Royal Dutch Shell announced plans Tuesday to leave a U.S. refining lobby over climate-related policy positions. Although it’s a first for an oil and gas company, it’s also another sign of increasing climate accountability among companies and investors.
Shell released its Industry Associations Climate Review on Tuesday, announcing the company has “developed a new set of principles to govern the way we manage our relationships with industry associations on climate-related policy issues.”
In reviewing its current association with 19 industry groups, Shell found “some misalignment” with nine of them. But most notably, the company found “material misalignment” with one particular industry group — refining and petrochemical trade association American Fuel & Petrochemical manufacturers (AFPm). Shell says it has “decided not to renew our membership of AFPm in 2020 as a result.”
Shell gives a number of reasons for leaving AFPm, including AFPm’s lack of stated support for the goal of the Paris Agreement. The review simply states, “Shell supports the goal of the Paris Agreement.” Shell said other factors leading to its decision included:
- AFPm’s lack of support for carbon pricing.
- AFPm’s opposition of government action to shape policy frameworks for low-carbon technologies.
- AFPm’s support of the EPA’s proposed rollback of U.S. fuel economy standards.
- AFPm’s lack of a position on the role of natural gas and the reduction of methane emissions.
Shell’s review includes a message from CEO Ben van Beurden, in which he writes:
“The need for urgent action in response to climate change has become ever more obvious since the signing of the Paris Agreement in 2015. As a result, society’s expectations in this area have changed, and Shell’s views have also evolved.
We must be prepared to openly voice our concerns where we find misalignment with an industry association on climate-related policy. In cases of material misalignment, we should also be prepared to walk away.”
Shell purchased Electric vehicle charging network Greenlots last year and is already starting to advertise charging in 30 minutes.
Though Shell is the first major oil and gas company to chart this path, investors have already started to move away from oil and gas.
Norway’s $1 trillion sovereign wealth fund made the recent decision to divest in some of its oil and gas holdings. Bloomberg notes that while the country’s Government Pension Fund is “keeping investments in the big, integrated oil companies, it said that’s because of their early commitment to renewable energy.”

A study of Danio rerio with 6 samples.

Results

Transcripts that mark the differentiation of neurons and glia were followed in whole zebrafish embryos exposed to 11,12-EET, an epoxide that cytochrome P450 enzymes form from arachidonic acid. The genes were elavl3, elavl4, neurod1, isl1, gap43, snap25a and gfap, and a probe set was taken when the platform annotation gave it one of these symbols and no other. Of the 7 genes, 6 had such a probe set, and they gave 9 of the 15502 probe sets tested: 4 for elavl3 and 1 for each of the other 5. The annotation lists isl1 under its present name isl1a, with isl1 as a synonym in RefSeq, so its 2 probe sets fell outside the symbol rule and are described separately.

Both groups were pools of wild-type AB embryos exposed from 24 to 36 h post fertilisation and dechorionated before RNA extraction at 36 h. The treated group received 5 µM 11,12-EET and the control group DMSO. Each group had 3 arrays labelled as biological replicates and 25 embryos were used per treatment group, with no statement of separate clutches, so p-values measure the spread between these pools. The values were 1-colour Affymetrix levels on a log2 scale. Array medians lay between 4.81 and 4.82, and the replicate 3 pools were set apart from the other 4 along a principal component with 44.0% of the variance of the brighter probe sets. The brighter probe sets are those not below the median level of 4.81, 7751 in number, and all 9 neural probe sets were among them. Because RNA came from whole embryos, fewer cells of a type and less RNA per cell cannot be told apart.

Companies that “exist purely to find more oil” are not so lucky — that’s where much of Norway’s divestment is aimed.
A group of Dutch investors wasn’t as picky. The group of 22 wealthy individuals recently decided to take all of their money out of the fossil fuel industry, representing a divestment of about 200 million Euros ($224 million).
And Reuters reports that a group of sovereign wealth funds from oil-rich countries in the Middle East is looking to “diversify into renewable energy, pushed by regulators and pledges on climate change.” Those funds aren’t looking to divest in oil and gas — not a surprise — but even making a push into renewable energy at all is a sign of the times.
We’ve also seen pressure put on public utilities from powerful U.S. pension funds that seek a strong push toward decarbonization, and knowledge of those plans.
Companies are clearly taking note of the shift, as well. Corporations set a clean energy purchasing record last year, and hundreds of U.S. companies joined the recent launch of the Renewable Energy Buyers Alliance.
While Royal Dutch Shell’s announcement is another indicator of a growing worldwide shift in climate awareness, even among oil corporations, Shell and its ilk can’t be given the benefit of the doubt. According to a recent report, Shell was one of a number of oil and gas giants that were found to spend a combined $1 billion on climate lobbying that was “overwhelmingly in conflict” with the Paris Agreement.
Will that change? And what will Shell actually do going forward? That’s the important part. The company recently moved 700,000 U.K. homes to renewable energy. We need more of that.
The bottom line matters, and the decreasing price of renewable energy is making its mark. When combined with widespread public support for green energy policies and growing climate change concerns, there are conditions for change. It may not quite be a perfect storm yet, but you can see the clouds.
We need solutions on multiple fronts, and from a variety of angles. If companies move in this direction, while governments enact policies that set concrete, quantifiable goals toward the reduction of carbon emissions and the further adoption of renewable energy and electric vehicles, we could see some real progress.